Little Yard of Horrors

July 8th, 2011 by

We see quite a few yards in need of a makeover here at YardShare, and this one is probably in the top 10. Owner George Graf describes his yard as downright “scary”. It’s littered with rotting wood and broken stone. To make matters worse, the ground is hostile territory for any plant that has roots more than an inch deep. This Virginia soil is hard clay shale with just a sprinkling of top soil. It’s some dirt poor dirt. Finally, voles are eating the few plants that do manage to take up shaky residence in his lawn. What can George do to turn his yard around?

Yard Rescue

Get Friendly with Some Different Vegetation Not every lawn is meant to look like a golf course. Thick, deep green grass is only one of the options available to create a beautiful landscape. A ground cover that can tolerate a clay/shale mix is probably a better option for this lawn unless George wants to spend the next several years amending the soil. Wild bergamot, Virginia spiderwort, ground ivy and crown vetch might all be potential winners in this tough dirt. Improve the Yard with Permanent Features Another option would be to simply pave several substantial sections of the yard with decorative stone. These “islands” can be populated with potted plants hosting any variety of shrubs and flowers. Raised garden beds and planters accented with a charming white or red fence could instantly metamorphose the yard from homely to homey. Imagine George’s yard transformed into an outdoor living area like this:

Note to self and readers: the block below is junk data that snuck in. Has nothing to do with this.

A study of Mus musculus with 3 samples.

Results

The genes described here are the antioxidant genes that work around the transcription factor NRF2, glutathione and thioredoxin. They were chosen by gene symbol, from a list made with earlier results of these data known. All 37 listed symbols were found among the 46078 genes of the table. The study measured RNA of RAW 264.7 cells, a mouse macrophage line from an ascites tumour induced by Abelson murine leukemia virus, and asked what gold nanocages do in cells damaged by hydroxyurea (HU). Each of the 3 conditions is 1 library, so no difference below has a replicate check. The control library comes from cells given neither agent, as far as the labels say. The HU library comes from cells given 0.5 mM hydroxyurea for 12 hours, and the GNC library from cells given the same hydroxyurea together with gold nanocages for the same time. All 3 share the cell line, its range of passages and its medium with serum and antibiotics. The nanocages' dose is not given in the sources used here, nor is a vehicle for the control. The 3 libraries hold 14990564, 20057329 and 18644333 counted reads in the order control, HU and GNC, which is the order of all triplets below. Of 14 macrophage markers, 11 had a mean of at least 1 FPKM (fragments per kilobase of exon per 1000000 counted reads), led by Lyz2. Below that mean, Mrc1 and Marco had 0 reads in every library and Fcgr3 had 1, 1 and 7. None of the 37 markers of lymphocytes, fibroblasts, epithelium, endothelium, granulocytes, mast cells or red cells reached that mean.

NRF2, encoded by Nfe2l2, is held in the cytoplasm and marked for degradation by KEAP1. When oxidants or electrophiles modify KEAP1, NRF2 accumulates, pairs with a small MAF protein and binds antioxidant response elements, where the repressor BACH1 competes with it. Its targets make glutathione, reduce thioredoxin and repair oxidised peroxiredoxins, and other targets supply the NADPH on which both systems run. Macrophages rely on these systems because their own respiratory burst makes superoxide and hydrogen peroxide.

Stone Patio

Great hardscape features are another essential component when you have a hard-to-landscape yard. These provide a place to hang plants or grow vines (which can be rooted in pots to avoid the poor soil), and draw attention away from eyesore areas. For a yard this size, a diminutive pergola covering a swing or a table is an option. Go on Vole Patrol


(cc license courtesy of Flickr user Ben Sutherland)

That vole may look cute and furry, but it is a pure evil eating and breeding machine that destroys everything in its path. Eric Ronning at “How to Get Rid of Things” offers these disturbing instructions for getting rid of a vole: Once you have the vole in hand, simply squeeze it until you hear the “pop”. Fortunately he does offer other options for vole control like habitat modification and baiting. George should probably get his vole problem dealt with before buying a bunch of new, tasty landscaping plants to tempt the little varmints with.